By Stephen Janis, Special to the AFRO

Questions are being raised after an armed 25-year-old man was able to enter Frederick Douglass High School in Northwest Baltimore and shoot a 56-year-old hall monitor Feb. 8.

The shooting occurred around noon when the assailant walked into the building and was confronted by the victim, who was shot during the confrontation.  School police said no students were injured.

The suspect, who has not been identified, is in custody.

The victim is currently being treated at Maryland Shock Trauma and is currently in serious, but stable, condition.

However, the flare up of violence inside a school is raising fresh questions about the safety of the city’s educational facilities.

“No one should be able to enter the building; that goes to the problem I saw all the time,” said Scott Miller Phoenix, a former Baltimore public school teacher who taught for over 30 years in the city.

“These schools are just not secure,” he added.  “How could a stranger just walk into a school?”

The shooting comes on the heels of a heated debate over allowing police to have firearms inside school facilities.  Legislation that would have authorized officers to carry guns was withdrawn by State Del. Cheryl Glenn after the city school board voted unanimously against it last month.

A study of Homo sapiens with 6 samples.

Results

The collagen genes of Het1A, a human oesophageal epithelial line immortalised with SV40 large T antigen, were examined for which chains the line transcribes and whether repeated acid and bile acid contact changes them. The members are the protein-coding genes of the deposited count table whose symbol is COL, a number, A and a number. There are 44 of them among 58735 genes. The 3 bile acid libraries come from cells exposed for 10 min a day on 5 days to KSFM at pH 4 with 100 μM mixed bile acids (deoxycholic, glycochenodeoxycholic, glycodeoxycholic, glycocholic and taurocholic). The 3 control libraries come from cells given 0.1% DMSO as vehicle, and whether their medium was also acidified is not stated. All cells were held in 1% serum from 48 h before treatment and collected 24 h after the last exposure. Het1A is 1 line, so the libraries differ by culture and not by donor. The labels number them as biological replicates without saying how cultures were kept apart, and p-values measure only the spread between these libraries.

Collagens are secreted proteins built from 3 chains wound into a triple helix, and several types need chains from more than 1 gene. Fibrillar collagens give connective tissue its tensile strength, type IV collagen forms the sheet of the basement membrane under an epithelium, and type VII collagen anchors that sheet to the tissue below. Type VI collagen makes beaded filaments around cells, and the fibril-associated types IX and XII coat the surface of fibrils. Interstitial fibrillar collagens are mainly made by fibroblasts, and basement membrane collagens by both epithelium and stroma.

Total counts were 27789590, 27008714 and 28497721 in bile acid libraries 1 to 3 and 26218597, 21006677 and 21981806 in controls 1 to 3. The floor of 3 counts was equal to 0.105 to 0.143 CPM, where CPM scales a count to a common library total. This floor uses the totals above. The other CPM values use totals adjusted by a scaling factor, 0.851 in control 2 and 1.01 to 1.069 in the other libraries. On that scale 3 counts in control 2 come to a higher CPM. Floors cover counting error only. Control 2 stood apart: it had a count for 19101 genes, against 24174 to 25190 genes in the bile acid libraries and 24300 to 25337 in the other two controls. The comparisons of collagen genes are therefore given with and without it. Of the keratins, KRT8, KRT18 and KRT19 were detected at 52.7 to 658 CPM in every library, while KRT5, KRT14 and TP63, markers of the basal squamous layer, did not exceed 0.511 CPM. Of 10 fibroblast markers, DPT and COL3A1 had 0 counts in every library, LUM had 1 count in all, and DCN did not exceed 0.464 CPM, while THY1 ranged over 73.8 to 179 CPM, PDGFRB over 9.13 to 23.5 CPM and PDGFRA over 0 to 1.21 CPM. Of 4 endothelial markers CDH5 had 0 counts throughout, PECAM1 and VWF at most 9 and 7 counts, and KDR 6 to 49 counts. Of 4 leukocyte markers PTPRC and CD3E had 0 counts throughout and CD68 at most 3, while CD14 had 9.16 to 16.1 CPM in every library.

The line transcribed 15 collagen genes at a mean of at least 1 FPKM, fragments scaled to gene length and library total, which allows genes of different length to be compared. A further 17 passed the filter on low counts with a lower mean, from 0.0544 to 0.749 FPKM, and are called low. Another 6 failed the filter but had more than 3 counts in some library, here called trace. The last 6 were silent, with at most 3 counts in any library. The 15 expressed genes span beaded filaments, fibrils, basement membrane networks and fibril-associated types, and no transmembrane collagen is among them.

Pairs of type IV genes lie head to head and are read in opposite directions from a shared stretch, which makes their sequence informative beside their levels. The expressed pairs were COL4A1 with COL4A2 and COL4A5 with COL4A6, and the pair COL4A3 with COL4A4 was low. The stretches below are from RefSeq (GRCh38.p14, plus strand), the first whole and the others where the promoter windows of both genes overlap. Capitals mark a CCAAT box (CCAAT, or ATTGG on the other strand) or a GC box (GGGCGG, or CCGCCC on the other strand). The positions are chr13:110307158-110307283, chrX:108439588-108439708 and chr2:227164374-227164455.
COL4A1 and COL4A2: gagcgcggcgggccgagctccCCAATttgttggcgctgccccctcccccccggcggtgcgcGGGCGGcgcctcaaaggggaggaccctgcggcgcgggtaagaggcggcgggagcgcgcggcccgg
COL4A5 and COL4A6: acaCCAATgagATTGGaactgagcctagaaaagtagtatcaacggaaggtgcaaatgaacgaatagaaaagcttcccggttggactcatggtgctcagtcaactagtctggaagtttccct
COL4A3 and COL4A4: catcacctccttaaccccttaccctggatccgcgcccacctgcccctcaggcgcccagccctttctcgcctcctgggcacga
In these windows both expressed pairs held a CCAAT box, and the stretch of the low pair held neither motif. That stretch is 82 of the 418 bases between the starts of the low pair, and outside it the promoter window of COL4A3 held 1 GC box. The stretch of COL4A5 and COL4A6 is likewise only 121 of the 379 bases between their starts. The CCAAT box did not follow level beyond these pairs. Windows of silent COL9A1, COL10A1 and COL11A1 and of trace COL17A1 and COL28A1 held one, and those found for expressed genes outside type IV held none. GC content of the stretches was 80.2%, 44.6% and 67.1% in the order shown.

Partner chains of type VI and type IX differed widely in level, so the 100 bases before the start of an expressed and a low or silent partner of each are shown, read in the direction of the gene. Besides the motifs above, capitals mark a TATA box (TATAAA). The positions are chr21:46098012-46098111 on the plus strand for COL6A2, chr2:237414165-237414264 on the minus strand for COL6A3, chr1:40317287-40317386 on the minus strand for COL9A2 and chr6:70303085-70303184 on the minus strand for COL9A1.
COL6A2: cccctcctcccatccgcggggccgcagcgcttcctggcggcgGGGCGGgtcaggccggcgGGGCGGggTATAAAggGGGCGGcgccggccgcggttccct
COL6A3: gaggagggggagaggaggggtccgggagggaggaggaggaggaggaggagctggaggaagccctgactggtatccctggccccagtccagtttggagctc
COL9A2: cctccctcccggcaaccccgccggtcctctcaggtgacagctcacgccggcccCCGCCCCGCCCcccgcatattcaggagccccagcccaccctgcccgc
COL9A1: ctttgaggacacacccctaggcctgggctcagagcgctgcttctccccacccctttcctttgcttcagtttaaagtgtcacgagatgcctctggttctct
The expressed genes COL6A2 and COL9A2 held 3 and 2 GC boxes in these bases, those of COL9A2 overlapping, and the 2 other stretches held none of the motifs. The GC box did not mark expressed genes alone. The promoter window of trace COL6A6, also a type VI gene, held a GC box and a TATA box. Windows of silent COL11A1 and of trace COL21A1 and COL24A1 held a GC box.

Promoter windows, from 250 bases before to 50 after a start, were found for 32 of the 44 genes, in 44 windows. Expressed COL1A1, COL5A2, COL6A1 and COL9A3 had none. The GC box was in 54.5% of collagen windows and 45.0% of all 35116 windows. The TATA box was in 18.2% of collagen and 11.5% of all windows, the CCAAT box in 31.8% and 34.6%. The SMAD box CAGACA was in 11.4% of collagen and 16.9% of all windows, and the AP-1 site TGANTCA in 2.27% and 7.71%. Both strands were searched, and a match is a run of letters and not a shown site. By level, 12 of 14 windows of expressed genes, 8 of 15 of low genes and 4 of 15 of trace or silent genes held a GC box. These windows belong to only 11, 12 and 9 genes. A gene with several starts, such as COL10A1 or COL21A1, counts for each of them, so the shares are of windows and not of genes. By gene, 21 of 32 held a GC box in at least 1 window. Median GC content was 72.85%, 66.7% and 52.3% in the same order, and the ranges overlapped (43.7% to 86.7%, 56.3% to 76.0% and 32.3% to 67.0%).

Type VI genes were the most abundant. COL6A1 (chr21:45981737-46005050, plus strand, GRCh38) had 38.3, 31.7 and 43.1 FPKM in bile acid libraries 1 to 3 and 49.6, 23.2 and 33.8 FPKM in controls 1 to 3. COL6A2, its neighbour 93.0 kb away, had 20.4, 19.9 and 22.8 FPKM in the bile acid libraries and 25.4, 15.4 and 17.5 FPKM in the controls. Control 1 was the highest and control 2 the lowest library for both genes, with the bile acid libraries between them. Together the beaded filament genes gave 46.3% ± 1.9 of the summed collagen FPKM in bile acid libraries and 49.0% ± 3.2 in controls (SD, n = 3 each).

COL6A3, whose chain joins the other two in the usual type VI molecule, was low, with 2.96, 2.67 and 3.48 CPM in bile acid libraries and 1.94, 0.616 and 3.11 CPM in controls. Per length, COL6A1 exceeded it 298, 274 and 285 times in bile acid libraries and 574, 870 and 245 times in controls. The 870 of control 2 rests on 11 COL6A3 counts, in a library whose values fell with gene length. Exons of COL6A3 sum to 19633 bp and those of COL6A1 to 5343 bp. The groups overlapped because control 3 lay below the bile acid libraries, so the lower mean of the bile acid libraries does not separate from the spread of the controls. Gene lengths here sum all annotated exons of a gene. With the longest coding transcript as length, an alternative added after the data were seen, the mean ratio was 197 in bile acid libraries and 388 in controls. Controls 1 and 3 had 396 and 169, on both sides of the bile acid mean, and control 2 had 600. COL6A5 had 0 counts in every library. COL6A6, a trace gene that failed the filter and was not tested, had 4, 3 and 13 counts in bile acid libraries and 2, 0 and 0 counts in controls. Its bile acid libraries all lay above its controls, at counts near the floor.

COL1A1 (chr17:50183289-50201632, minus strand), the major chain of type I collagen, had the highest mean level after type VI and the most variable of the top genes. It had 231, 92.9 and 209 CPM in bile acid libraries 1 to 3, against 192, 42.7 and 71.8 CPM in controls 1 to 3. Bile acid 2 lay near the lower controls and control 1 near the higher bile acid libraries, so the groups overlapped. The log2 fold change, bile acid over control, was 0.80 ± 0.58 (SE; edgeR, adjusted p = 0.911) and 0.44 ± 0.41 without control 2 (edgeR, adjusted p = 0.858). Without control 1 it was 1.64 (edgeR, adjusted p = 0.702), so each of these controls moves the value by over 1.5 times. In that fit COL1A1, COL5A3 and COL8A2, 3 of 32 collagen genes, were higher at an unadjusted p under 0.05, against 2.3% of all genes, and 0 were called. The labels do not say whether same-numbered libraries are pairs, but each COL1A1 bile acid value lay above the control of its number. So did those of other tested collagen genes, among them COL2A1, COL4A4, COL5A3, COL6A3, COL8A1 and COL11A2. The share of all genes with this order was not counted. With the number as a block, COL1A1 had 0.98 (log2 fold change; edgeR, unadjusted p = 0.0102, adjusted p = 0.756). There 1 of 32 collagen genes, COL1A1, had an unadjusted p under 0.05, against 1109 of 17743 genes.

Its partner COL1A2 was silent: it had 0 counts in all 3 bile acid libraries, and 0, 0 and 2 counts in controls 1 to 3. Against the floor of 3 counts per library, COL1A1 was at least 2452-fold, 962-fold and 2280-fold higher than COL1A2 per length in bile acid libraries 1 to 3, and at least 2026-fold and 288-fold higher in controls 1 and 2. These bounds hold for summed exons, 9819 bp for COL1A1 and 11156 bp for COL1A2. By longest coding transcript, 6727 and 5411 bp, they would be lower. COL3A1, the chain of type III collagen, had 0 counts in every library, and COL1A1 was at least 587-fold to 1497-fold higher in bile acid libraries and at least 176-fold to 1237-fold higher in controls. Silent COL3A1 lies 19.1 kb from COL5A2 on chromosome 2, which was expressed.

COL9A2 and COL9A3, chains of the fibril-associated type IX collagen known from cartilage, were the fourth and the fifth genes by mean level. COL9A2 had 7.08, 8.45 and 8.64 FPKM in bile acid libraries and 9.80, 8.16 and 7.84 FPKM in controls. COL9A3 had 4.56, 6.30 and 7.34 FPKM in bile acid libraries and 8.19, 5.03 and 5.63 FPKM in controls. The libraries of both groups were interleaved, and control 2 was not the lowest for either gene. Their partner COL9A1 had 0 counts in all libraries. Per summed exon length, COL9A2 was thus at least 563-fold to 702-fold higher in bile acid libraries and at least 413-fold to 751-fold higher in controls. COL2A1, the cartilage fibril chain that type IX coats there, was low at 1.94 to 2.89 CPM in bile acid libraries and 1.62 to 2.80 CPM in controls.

But, school police union chief Sgt. Clyde Boatwright said the board should reconsider its vote in light of today’s shooting.

“Sadly, we predicted this. We have been telling everyone this has less to do with students and more with people who want to harm them,” he told the AFRO.

“It was clear and evident today this guy intended to kill someone. If it wasn’t for the swift action of Baltimore city police, one of whom was unarmed, it would have been much worse.”

Boatwright said the assailant was confronted by three officers, one of whom was unable to access his weapon—a fact he says should prompt the board to reconsider its vote to keep school police unarmed inside school facilities.

“I think the school board should take a look deep within themselves to decide if keeping officers unarmed is in the best interest of staff and students,” Boatwright said.